A knight to remember: Botha leads a magnificent cast in Lyric Opera’s “Lohengrin”
There are a myriad of reasons why Lohengrin should not work for a modern audience. Stiff tableaux-like action and long static scenes dominate this uneasy combination of romantic fairy tale and symbolic fable of a mysterious knight who saves an innocent threatened maiden. Imbued with Christian mysticism and an impenetrable nexus of Norse and German mythology, the noble, tragic hero serves as a stand-in for Wagner at a time when the composer was besieged by enemies and felt his music was largely unappreciated.
Yet Lohengrin is the first work of Wagner’s artistic maturity, a rich and sumptuous score with a complexity of interlocking motives and chromatic audacity that point the way forward for Tristan und Isolde and the Ring operas to come.
The Lyric Opera of Chicago opened its first production of Lohengrin in three decades Friday night at the Civic Opera House. And despite being handicapped by a dated, visually drab staging, the company has fielded a superb cast of Wagnerians—no mean feat these days—that served the composer’s music extraordinarily well and made for as majestic a night of Wagner singing as one is likely to hear anywhere.
As the title 10th-century knight who rescues the unjustly accused Elsa, the rotund Johan Botha may not cut a physically imposing figure, but vocally the South African tenor showed all the power and dramatic heft necessary for this tortuous role.
Possessed of a big, vibrant tenor, Botha was up to all of this role’s considerable demands—dignified and heroic in the court ensembles, sensitive and nuanced in his intimate scenes with Elsa, and showing a toughness—and some impressive sword moves—in his confrontations with the villainous Friedrich. Botha seemed to tire a bit at the end of the long evening but still managed to rise to his big moments in the final scene, bringing just the right mix of sadness, vulnerability and determined strength to In fernem Land and Mein lieber Schwan.
It was great to have the gifted Emily Magee back at the Lyric Opera as Elsa, the former Ryan Opera Center alumna’s first company appearance in 13 years. The American soprano possesses the requisite vocal purity and luminous expression for the innocent Elsa, some thinness at the very top apart. While always engaged in the action, dramatically her Elsa seemed a work in progress, McGee at times overdoing the neurotic qualities and making Elsa seem more unhinged than spiritually ecstatic.
This has been a wonderful year for villains at the Lyric Opera and the current production offers two terrific ones. As the evil Friedrich of Telramund, Greer Grimsley was impressive in doing his snarling nasty, yet the American bass-baritone also sang with a surprising lyrical quality and ease of production in his deep and imposing voice.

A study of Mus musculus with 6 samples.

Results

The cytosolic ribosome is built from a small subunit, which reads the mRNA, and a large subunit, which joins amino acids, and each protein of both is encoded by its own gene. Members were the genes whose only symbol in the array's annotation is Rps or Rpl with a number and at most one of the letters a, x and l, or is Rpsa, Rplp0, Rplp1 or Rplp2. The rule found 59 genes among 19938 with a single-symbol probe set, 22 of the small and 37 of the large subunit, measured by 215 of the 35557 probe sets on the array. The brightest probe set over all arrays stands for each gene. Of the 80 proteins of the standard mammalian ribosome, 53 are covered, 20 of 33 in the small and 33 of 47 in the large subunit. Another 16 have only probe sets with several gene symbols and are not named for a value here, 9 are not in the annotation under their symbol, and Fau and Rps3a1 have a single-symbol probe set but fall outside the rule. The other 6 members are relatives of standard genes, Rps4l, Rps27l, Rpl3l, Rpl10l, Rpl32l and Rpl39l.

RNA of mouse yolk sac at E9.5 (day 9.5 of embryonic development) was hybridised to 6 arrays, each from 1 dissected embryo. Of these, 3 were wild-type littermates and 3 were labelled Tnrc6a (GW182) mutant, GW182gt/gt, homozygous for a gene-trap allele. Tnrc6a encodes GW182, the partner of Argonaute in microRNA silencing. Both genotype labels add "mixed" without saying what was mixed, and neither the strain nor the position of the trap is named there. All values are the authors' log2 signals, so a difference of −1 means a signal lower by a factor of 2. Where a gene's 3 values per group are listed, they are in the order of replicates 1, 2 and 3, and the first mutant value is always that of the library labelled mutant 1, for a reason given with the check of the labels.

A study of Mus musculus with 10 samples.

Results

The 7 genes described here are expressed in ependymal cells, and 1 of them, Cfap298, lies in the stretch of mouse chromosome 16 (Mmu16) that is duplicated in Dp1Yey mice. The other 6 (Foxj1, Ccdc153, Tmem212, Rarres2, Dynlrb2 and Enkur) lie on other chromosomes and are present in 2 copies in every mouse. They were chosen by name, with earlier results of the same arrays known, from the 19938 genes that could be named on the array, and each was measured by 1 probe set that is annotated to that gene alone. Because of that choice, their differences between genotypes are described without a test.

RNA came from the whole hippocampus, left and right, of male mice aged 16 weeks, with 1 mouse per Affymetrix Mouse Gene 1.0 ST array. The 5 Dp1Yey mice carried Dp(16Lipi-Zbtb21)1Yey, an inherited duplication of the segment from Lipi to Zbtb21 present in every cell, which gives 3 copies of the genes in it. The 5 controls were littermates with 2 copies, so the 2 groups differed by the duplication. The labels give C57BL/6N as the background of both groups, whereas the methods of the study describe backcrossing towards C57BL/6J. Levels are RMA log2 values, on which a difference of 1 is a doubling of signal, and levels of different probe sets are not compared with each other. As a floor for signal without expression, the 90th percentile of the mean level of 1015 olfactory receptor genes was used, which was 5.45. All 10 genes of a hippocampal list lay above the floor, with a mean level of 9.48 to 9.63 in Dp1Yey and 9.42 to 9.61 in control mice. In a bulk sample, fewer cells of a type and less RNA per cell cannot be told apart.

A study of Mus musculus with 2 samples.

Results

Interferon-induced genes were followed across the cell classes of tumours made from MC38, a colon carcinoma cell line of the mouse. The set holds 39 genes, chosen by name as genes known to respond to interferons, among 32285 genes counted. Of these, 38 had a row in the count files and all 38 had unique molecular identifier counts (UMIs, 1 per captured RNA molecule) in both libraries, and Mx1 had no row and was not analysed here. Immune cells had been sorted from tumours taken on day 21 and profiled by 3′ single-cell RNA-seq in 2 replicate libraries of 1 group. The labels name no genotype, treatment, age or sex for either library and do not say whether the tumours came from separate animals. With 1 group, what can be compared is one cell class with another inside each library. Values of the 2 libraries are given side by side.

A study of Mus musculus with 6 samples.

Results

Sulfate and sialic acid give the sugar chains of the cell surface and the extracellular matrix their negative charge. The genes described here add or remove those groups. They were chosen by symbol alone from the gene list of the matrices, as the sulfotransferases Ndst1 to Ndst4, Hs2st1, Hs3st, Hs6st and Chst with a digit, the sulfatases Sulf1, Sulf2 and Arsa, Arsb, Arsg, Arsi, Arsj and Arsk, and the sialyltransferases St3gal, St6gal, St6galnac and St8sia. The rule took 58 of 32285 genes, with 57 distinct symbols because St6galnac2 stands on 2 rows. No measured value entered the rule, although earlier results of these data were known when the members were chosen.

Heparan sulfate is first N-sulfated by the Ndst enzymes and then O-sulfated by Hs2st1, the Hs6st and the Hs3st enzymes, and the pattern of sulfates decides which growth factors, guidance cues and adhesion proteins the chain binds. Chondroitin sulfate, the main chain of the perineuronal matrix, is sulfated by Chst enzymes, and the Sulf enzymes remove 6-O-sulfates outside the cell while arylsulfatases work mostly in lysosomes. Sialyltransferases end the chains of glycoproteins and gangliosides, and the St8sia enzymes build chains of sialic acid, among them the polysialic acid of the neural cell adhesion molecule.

As Ortrud, his wife and partner in malicious co-dependency, Michaela Schuster made a strikingly successful company debut. The German singer brought an intensity of focus to the manipulative pagan character—who is much stronger than her weak-willed husband—and sang with a luxuriant mezzo-soprano voice in her long Act 2 scene with Elsa.
Georg Zeppenfeld was a sonorous and dignified King, Lester Lynch, last seen in Porgy and Bess, a notably strong-voiced Herald, completing a cast without a single weak link.
The same couldn’t be said for the chintzy-looking Minimalism of John Napier’s sets. The traditional production wasn’t new when the Lyric last presented Lohengrin in 1980 and now this descendant of Wieland Wagner’s postwar stripped-down style looks decidedly aged. Uncluttered it may be, but the mostly bare stage and lack of scenery looks cheesy with the scrim for most of Act 1 making the action too obscure. Apart from swordfights that needed more speed and intensity, director Elijah Moshinsky moved his characters naturally and believably, avoiding visual ennui in the static action. But where was the swan?
Also while it’s clear the company is trying to save money where it can, couldn’t they have found some Malabar costumes for the four excellent onstage trumpeters? Clad in modern black and positioned just outside the action, the brass players looked like a group of jazz sidemen who just happened to drop into 10th-century Brabant for a gig.
Apart from being too quick on the trigger at the climactic moment when Lohengrin reveals his identity, Sir Andrew Davis led an alert, flowing and rhapsodic account of Wagner’s extraordinary score. At times, Davis’s penchant for fleet tempos sacrificed the spiritual element, yet his sense of the long line and musical integrity skirted the occasional musical squareness and Davis drew gleaming and richly responsive playing from the Lyric Opera Orchestra.
There are few things in all opera more sonically thrilling than the massed ensemble scenes in Lohengrin. Kudos to out-going chorusmaster Donald Nally and his singers for their stellar work in achieving such polished and glorious corporate vocalism in music that is just as demanding as that of the principals.
Lohengrin runs through March 8. lyricopera.org; 312-332-2244.